The Canadian Press

A Chinese scientist charged with visa fraud after U.S. authorities said she concealed her military ties was arrested after she left the Chinese consulate in San Francisco to seek medical care for her asthma, court documents showed.

Juan Tang, who has a doctorate in cellular biology, entered the United States on Dec. 27, 2019, to work at the University of California, Davis as a visiting researcher in the Department of Radiation Oncology, Alexandra Negin, an assistant federal public defender, said in the filing Wednesday asking the court for her release on bail.

A hearing on whether Tang, 37, should be released on bail is scheduled Friday. She is being held at a Sacramento County jail on behalf of federal authorities after her arrest last week.


Tang was the last of the four to be arrested after the Justice Department accused the Chinese consulate in San Francisco of harbouring a known fugitive.

Negin said Tang went to the consulate to seek help and remained there after FBI agents questioned her at her Davis apartment on June 20 and executed a search warrant, seizing her passport and visa.

A criminal complaint was filed under seal on June 26 but Tang did not learn she had been charged with a crime until her July 23 arrest, Negin wrote.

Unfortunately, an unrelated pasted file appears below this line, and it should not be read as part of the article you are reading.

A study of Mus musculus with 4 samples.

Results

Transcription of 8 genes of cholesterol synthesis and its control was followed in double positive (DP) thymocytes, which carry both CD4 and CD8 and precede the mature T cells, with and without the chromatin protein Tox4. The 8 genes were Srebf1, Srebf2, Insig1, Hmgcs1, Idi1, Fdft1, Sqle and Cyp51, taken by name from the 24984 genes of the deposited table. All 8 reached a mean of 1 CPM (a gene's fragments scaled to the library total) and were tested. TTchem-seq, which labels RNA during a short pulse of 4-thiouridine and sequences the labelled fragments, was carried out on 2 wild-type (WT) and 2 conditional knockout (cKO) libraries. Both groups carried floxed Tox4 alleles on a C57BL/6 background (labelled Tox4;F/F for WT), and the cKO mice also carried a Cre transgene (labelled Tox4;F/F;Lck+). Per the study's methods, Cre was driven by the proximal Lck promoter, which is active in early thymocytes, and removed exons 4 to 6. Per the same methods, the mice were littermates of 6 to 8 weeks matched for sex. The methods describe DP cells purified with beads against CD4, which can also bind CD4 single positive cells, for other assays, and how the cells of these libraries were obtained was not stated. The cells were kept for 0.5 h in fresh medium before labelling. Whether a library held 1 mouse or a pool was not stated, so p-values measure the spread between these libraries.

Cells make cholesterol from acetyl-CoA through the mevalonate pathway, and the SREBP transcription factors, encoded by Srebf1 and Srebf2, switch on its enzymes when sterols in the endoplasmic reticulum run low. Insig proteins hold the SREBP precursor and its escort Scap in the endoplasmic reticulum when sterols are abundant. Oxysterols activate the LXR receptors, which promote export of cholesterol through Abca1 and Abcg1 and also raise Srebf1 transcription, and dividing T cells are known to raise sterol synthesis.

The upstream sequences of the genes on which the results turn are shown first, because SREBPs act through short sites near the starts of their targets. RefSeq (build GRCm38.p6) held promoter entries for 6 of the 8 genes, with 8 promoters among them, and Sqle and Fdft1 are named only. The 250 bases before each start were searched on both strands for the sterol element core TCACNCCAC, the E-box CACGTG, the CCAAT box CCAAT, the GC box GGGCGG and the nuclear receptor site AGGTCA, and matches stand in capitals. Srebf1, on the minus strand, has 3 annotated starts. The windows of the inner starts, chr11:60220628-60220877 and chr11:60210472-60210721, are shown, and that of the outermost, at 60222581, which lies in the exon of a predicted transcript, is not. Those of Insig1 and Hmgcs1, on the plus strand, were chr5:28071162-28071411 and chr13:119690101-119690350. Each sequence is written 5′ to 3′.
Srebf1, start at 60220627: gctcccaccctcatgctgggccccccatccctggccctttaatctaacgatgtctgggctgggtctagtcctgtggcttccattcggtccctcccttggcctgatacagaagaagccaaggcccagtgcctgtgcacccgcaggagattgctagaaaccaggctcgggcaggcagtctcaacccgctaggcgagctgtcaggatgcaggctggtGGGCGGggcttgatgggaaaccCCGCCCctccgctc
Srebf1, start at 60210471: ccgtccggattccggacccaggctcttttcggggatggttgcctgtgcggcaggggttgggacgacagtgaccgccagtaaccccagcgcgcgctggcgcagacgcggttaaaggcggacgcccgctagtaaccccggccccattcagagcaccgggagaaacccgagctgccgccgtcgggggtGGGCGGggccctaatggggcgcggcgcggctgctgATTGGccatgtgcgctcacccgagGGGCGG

When U.S. agents went to the Chinese consulate to inform her there was a warrant for her arrest Tang, who has asthma, wanted to surrender but was “in hysterics” and consulate employees believed she needed to see a doctor. the filing states.

Negin said she believes federal officers were surveilling the consulate and after seeing her leave in a vehicle with consular staff, followed them to a medical office where “Ms. Tang was seen, medically cleared and then arrested.”

Negin wrote Tang is not a danger to the community and could have remained in the consulate to avoid arrest.


Tang is married and has an 8-year-old daughter who is in China with Tang’s husband.

Tang left the family home at 18 to attend college and is a cancer researcher who had never travelled outside China before coming to the United States to do cancer research as part of a one-year program, Negin said.

Negin said Tang left her job in June as a visiting researcher at UC, Davis’ Department of Radiation Oncology because her lab was closed due to the coronavirus pandemic. She planned to return to China.

Agents found photographs of Tang in a uniform of the civilian cadre of China’s PLA and also reviewed articles from China that identified her military affiliation.

But Negin argued the evidence against Tang is based on old photographs from when she was a student at a medical school run by the military and documents that were translated on apps.


“She has every incentive to see this case through to its conclusion and return to China after the case is resolved,” Negin added.